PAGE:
Clouds engulfed Christ the Redeemer statue on Friday, overlooking the worlds fastest canoe/kayak sprint athletes as they began pursuit of their Olympic dream.
Four classes competed and advanced top athletes in their respective classes to Final A (medal races) and Final B.
On Saturday, Final A athletes will have the opportunity of a lifetime as 11 Olympic champions will be crowned in four events.
The top five of each of the three heats, plus the athlete with the sixth best time made up the two semifinals lineups on Friday, which would then decide the Final A lineup for Saturday.
Friday was a perfect example of how anything can happen in a 200-meter kayak sprint, favorites can fall and lesser-known athletes can become stars in a moment's time.
Canada’s Mark de Jonge, the gold medal favorite, almost became the latter in the semifinal on Friday. Three one-thousands of a second decided the Olympic fate of the London Games bronze medalist and ultimately saved him to see the light in Final A to compete for gold on Saturday.
In the first semifinal, after a longer than usual timeframe for official time results to come in, it eventually showed de Jonge finished in 34.775 and Serbia's Marko Novakovic finished in 34.778, this eliminated the Serbian from Final A and for a chance to compete for an Olympic medal. With this result, medal favorite, Petter Menning was also knocked out of Final A after finishing in 34.995.
To put in perspective, the London gold medalist in this event, Great Britain's Ed McKeever – who failed to qualify for the Rio Games – held the Olympic best time of 35.087. Great Britain's Liam Heath broke McKeever's record on Friday with 34.327, but many others also finished under McKeever's time.
France’s Maxime Beamont, also a medal favorite, advanced to Final A and will face the likes of de Jonge and Heath in Saturday's final.
When C2 1000m paddlers lined up in their heats, it was the goal of everyone on that start line to be the first to cross the finish for an automatic spot to compete for gold in Final A.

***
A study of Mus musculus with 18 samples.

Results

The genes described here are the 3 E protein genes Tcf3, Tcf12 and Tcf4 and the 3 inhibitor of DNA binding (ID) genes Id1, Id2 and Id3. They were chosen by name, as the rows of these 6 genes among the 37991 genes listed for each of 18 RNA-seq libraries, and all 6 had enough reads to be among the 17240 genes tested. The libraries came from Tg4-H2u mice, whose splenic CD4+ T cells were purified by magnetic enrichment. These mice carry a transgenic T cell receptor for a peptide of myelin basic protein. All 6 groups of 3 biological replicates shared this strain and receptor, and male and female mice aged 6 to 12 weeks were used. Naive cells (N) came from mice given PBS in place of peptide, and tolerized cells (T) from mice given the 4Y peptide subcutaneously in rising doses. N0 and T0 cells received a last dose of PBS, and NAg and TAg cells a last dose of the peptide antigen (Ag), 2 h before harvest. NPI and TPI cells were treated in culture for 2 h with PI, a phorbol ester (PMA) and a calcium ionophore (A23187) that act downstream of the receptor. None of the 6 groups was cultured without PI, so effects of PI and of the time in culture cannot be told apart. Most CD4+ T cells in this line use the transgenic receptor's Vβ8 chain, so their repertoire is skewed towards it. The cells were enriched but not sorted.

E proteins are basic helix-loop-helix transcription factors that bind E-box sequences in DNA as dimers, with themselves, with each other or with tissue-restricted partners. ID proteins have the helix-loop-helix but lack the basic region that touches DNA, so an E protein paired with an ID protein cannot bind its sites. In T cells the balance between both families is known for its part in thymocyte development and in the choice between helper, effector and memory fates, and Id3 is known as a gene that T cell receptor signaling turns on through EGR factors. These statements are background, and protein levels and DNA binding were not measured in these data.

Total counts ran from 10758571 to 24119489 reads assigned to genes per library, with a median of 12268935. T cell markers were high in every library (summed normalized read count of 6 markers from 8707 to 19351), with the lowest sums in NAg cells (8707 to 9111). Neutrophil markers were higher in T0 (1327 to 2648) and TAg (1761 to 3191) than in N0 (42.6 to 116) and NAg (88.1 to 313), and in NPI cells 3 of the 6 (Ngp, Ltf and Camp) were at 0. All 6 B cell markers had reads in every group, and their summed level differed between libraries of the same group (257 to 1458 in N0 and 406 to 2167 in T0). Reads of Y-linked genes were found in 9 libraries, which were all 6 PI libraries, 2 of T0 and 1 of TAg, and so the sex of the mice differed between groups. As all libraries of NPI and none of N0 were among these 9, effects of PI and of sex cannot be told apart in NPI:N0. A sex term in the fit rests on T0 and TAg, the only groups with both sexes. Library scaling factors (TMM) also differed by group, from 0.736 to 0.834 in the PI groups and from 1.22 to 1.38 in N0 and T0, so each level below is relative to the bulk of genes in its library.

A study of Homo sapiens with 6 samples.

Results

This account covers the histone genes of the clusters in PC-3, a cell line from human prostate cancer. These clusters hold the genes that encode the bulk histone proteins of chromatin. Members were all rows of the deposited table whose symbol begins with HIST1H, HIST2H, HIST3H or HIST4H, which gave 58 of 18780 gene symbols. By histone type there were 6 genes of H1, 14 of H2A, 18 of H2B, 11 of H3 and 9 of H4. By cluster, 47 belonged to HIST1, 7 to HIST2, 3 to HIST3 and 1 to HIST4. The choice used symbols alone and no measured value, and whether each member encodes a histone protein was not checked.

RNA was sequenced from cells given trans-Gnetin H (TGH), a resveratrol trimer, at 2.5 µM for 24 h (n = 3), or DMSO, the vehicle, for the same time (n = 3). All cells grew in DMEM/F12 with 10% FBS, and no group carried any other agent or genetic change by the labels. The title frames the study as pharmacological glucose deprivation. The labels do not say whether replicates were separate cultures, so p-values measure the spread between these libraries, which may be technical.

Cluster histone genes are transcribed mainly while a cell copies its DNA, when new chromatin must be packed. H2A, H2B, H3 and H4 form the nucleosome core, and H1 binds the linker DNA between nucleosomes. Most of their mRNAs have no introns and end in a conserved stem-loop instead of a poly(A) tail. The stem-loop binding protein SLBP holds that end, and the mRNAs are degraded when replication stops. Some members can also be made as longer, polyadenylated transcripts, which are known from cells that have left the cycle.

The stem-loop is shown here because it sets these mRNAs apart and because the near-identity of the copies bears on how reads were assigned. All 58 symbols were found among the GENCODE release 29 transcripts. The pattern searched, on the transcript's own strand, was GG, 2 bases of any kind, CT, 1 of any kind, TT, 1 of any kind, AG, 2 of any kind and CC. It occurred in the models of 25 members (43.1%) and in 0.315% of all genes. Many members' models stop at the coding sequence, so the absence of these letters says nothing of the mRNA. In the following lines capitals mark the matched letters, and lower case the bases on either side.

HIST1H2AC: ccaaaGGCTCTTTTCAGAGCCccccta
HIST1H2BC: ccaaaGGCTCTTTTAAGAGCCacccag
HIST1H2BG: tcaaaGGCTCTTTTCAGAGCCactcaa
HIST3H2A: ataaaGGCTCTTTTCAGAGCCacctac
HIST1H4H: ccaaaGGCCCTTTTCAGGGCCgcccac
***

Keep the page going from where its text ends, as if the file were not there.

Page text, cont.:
That was the case for Brazil’s Isaquias Queiroz and teammate Erlon de Souza Silva on Friday. They won their heat in 3 minutes 33.269 seconds – the fastest finishing time of the day – and advanced to Final A.
Queiroz, who already won silver and bronze at the Rio Games, could add one more piece of hardware to his collection on Saturday.
Germany's Sebastian Brendel, who won gold and defended his title in the men's canoe single 1000m in Rio, along with teammate Jan Vandrey won their respective heat and automatically advanced to Final A. The German duo may be the Brazilians biggest threat.
The Hungarian pair of Henrik Vasbanyai and Robert Mike, who have won a medal of some kind at each of the last three world championships, will also be in medal contention on Saturday.
Belarus and Hungary automatically advanced to Final A after winning their respective heats on Friday.
From 1985 up until last year’s World Championships, every major competition in the women’s K4 500m was won by either Germany or Hungary.
Belarus broke the streak last summer and this year in Rio the Belarusian quad is in line to disappoint the Germans and Hungarians once more.
Germany and Hungary are also favorites to stand atop the podium, with Poland and Ukraine lurking as outside contenders.
Unlike the women’s big boats, the men’s field was wide-open, with five nations vying for gold.
Friday proved just that – with one exception.
Slovakia, Czech Republic, Australia, Hungary, and Russia all headed into Friday's heats and semifinals as strong contenders for gold. However, Russia was the only big boat to not advance to Final A.
The rest will compete for the title of 2016 Rio Olympic champions.
Czech Republic and Germany automatically advanced to Final A from their respective heats, while the rest had to clinch their spot in the semifinals.
Germany has two Rio gold medalists on their squad, Max Rendschmidt and Marcus Gross, who won the K2 1000m gold medal on Thursday. They are joined in their quad by Tom Liebscher and Max Hoff.